Abstract

The peak production of Brazilian quartz crystal was reached in 1943 when 2411 metric tons were exported. Minas Gerais, Goiaz, and Bahia are the principal producing states. Minor quantities are obtained from Espirito Santo and Northeastern Brazil.

Primary veins and pegmatites yield secondary deposits of eluvial, colluvial, and alluvial origin. The veins range in form from tabular or lenticular bodies, pipes, and pockets to composite lodes and bedded masses. The mineralogy is simple; accessory minerals are few and rare. A small proportion of clear crystals, occurring in vein masses of milky quartz, furnishes the commercial product. Filling, rather than replacement, is believed to be the dominant emplacement process. Pegmatites yield a little commercial quartz. Both residual (eluvial) and water-laid (alluvial) quartz deposits are economically important.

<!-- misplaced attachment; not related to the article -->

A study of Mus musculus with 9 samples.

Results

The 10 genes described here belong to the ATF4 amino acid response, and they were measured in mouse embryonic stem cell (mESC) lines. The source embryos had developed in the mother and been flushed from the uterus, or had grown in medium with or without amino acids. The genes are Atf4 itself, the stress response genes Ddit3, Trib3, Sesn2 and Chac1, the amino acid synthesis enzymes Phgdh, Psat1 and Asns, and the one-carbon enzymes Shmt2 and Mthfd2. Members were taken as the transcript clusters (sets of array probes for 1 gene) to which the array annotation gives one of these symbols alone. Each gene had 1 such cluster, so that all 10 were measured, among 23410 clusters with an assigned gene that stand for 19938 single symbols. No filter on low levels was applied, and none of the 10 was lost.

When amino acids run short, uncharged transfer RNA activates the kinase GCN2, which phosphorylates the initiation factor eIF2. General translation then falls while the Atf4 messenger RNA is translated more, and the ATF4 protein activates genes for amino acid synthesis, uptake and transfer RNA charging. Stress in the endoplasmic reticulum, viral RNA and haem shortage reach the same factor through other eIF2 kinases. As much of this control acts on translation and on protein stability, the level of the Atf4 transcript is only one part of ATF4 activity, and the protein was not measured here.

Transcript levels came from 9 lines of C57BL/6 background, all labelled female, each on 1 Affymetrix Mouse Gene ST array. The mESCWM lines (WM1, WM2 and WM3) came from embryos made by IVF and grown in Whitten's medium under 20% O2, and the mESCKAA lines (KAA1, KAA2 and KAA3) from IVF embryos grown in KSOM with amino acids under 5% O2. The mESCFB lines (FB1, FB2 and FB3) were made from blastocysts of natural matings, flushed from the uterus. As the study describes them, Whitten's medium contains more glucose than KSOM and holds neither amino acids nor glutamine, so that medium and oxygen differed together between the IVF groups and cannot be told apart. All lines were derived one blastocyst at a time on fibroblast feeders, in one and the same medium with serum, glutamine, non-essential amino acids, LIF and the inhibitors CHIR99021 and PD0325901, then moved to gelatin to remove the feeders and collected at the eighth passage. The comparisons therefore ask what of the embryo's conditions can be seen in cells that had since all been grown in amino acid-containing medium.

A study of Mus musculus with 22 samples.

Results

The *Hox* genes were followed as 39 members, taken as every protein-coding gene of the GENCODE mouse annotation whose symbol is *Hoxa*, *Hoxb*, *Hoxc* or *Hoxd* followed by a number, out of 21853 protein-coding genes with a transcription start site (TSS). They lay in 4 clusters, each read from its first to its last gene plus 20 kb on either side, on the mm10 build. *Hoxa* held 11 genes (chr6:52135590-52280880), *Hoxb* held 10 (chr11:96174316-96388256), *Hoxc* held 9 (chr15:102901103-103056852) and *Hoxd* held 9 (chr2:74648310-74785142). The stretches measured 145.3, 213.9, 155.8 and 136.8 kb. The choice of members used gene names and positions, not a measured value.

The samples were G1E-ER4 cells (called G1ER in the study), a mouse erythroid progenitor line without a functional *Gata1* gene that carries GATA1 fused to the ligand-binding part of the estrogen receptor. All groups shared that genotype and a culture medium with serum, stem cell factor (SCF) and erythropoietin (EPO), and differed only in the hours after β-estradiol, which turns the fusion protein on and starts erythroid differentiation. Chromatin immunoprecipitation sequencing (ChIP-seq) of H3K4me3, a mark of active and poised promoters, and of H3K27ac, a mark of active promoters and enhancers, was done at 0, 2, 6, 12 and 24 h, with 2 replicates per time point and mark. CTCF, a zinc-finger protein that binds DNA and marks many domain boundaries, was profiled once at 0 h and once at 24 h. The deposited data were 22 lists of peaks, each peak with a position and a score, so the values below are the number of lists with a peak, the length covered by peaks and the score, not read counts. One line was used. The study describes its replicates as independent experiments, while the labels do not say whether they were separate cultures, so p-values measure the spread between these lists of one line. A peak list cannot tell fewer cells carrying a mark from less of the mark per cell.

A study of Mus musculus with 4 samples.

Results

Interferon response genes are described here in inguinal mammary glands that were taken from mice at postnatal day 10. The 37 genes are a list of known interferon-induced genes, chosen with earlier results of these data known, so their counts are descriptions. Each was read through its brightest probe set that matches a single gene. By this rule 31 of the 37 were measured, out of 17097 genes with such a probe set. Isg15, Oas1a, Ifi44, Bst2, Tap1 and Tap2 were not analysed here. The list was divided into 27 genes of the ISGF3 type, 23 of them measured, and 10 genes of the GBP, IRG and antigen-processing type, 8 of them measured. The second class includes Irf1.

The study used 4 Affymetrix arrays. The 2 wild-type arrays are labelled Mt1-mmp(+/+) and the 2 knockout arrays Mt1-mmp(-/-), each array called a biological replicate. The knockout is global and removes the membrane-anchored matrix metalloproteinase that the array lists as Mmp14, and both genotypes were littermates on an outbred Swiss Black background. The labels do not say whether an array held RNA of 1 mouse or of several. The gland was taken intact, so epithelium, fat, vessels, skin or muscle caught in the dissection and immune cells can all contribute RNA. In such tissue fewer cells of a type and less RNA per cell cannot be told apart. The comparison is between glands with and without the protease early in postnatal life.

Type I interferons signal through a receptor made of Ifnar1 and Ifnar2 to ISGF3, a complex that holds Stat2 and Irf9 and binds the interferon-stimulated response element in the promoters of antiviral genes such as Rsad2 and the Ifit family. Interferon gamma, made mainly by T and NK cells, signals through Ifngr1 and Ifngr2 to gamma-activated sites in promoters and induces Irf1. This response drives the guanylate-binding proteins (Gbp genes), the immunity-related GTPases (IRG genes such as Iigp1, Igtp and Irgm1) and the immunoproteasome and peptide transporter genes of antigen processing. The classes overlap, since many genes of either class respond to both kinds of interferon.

Crystals range up to 40 metric tons in weight; those of 1 to 5 tons occur in many deposits. Quartz from every locality studied is twinned on both the Brazil and Dauphiné laws. Phantoms are abundant.

Field studies reveal little difference between the final quartz from some pegmatites and that from veins. It is inferred that the veins may grade into pegmatites at depth and that both are products of the same mineralogenic epoch. Present evidence does not justify a closer dating for the formation of the veins and pegmatites than the early Paleozoic.

There are few large quartz mines in Brazil. The impressive quartz production during the war years came from many small, scattered workings. Mining methods are primitive, and mechanization was feasible in relatively few areas. The ratio of mine-clean crystal to the total quantity of excavated material varies between 1:1000 and 1:100,000, with an over-all average for the best mines of the order of 1:10,000. Cost of mining ranges from $2 to $10 a kilogram. The average export value during 1944 was $12.50 per kilogram.

The potential reserves of quartz crystal in Brazil are large, but actual or visual reserves in known districts are small. Future production capacity will be determined by economic factors.